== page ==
When purity brings shame, not honor

When purity brings shame, not honor August 19, 2020

The intentions of “purity culture” were honorable. Its methods, however, brought shame. (See my first post in this series). Because categories like “clean” and “impure” become identity labels, any hint of imperfection or “defect” is tantamount to a threat. Even the rumor of impropriety or associating with the wrong person can stain one’s reputation.

Photo Credit: Flickr/summerskyephotography

So, what is a person to do? Where people feel threatened, they attempt to attain and maintain control. This response merely injects a new poison into the social system. As one group seeks to control others, a cycle of oppression and shame begins.

We didn’t kiss shame goodbye

A clip from the documentary “I Survived I Kissed Dating Goodbye” illustrates the point and even reminds me of some tactics used in some conservative Muslim cultures.

Joshua Harris interviews a man, Curtis, who grew up far outside of Christian church culture. One evening Curtis was rebuked by a friend who claimed that Curtis had too long of a conversation with a certain young woman in the church. The friend admonished Curtis to “guard her heart.” The concept sounded strange to him, but, apparently, talking to her for so long was not guarding her heart.

Curtis later saw how far people took this notion. Upon entering a gathering of believers, he noticed all the women were on one side of the room while all the men separated themselves on the other side. It was a throwback to something more extreme than a junior high dance. Again and again, Curtis heard people say about one another, “you have to guard her/his heart.”

Curtis finally replied with Proverbs 4:23, “Guard your [own] heart with all vigilance, for from it flow the springs of life.” Christian subculture sanctioned mass segregation of gender and a guarding of others’ hearts not my own. Much of the onus fell on women, who were told that their bodies were “stumbling blocks” for men.

CBE International lists 7 lies that purity culture teaches women. I’ll mention two here.

  1. Women are responsible for men’s sexual sin.
  2. Women’s bodies are something to be ashamed of.

The CBE post adds,

Rather than placing the responsibility for sexual thoughts or actions on the man or boy who enacts them, purity culture places the responsibility on the woman or girl being looked at and lusted after. It’s almost as if Jesus said, “If your eye causes you to sin, go and tell the thing you’re looking at to stop looking that way in front of your eye.”

If women’s bodies are blamed for lust—if the church claims that they need to be covered up for the sake of men—this inevitably leads to shame.

What does Christian subculture do to combat the threat of impurity? It creates rules to ensure we go nowhere near anything that might possibly resemble or remind us of impurity. But such regulations are extrabiblical and only fuel shame in those who transgress them, even though various behaviors are not sin.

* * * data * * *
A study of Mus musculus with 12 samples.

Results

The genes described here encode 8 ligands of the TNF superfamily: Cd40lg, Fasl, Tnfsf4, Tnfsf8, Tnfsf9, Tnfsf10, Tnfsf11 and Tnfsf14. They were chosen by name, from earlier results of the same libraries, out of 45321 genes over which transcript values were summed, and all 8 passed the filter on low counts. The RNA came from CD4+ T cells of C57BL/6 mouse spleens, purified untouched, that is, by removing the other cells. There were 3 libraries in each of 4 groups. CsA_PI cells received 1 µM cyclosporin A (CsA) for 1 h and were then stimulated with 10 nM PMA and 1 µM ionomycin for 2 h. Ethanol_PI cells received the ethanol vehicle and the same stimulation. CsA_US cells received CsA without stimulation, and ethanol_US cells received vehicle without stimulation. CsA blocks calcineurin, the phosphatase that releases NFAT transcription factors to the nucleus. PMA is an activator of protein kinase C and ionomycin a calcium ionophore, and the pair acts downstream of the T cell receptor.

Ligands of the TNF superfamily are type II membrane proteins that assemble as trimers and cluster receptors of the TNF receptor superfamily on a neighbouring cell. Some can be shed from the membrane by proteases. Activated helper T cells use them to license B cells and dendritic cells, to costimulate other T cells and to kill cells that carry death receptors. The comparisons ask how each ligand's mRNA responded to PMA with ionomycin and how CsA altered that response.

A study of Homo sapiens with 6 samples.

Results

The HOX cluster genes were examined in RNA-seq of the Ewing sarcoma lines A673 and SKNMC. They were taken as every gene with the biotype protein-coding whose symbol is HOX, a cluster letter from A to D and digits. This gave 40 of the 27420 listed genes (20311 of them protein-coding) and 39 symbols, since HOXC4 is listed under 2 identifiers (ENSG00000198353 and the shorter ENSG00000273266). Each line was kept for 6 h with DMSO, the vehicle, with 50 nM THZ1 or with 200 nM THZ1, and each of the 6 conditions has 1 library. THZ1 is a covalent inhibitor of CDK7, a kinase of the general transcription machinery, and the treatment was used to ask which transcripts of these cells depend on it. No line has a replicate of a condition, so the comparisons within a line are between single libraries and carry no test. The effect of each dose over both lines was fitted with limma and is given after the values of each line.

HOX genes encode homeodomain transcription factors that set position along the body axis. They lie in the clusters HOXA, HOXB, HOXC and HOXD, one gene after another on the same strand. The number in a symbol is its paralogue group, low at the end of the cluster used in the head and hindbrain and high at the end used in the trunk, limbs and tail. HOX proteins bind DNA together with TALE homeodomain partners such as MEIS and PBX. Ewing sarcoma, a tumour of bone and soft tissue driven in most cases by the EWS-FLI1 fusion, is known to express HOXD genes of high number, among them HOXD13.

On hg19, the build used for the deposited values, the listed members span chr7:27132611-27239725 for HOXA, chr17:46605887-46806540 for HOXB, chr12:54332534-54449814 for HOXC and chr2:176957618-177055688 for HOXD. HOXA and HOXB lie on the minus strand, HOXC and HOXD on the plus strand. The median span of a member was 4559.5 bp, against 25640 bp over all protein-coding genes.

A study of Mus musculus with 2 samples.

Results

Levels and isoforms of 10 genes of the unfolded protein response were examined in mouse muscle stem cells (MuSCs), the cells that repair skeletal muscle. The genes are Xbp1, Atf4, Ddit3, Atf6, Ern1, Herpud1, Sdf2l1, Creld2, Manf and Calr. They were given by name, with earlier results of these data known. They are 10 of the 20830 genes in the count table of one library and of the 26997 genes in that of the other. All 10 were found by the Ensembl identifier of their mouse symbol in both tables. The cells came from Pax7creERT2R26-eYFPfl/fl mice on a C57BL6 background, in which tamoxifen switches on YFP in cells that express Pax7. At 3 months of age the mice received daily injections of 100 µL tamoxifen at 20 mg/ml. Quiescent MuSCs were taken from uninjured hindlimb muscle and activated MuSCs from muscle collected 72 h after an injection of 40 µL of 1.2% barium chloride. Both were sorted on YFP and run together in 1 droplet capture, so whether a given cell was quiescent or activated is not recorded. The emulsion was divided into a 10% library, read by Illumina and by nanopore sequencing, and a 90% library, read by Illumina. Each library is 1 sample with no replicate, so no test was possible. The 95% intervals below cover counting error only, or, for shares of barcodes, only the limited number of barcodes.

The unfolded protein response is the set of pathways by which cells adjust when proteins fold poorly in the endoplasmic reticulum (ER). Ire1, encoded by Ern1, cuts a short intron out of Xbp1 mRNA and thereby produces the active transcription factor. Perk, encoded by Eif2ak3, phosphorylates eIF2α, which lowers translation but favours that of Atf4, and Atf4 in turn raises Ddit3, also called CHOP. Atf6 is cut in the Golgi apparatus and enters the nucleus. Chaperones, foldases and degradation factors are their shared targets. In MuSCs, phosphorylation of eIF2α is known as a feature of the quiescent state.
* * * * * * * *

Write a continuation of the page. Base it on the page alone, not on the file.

Purity Culture and Fundamentalist Islam

To my surprise, watching the documentary reminded me of the plight faced by many women in conservative Muslim contexts. (In reality, similar cultural dynamics exist in non-Muslim cultures, but most people are more familiar with Islamic cultures.)

In such cultures, the honor of a man and a family is closely tied to a women’s sexuality. A woman’s body is a potential cause for shame. If she is judged promiscuous or even flirty, severe consequences may follow. Modesty, therefore, is a virtue stressed upon girls from a young age. This is one reason for many Muslim women wearing hijabs or burkas.

Credit: PickPik

However, the way society might police Muslim women can become grotesque, not merely oppressive. As mentioned in a previous post, such communities routinely perform female genital mutilation as a way to keep young girls “pure.” Community leaders enforce rules that ensure the extreme segregation of men and women, not only in a mosque but in every social setting.

If a woman dares to challenge any number of social norms (most all of which do not appear in the Koran), the consequence could be dire. Honor killings often stem from a woman breaking customs or rules that meant to keep immorality at a far distance.

In other words, a woman might not commit any lewd or explicitly prohibited command (e.g., adultery, etc.). Still, transgressing any measure put in place to “guard” against immorality becomes a grave offense on its own.

How far is too far?

One question on the mind of every church boy and girl is this, “How far is too far?” In other words, what can I do physically where I can still be counted as “pure”? The obvious problem with the question is that it overlooks the matter of the hear (the subject of my second post in this series).

In the same way, we need to ask the same question to ourselves. When it comes to teaching about purity, sexuality, among other issues, how far is too far? The various guards our (sub)cultures put in place often go too far.

The range of formal and informal rules men used to control women creates an environment that breeds shame. Fear and hypersensitivity to mere social guards push one inward, into hiding, not wanting anyone to see what you might have said or done. A good reputation is quickly lost, only regained at a slug’s pace.

Of the making of many rules… there is no end. We need to be wary of going too far. Otherwise, we not only foster shame in those around us; we allow it fester inside ourselves as well.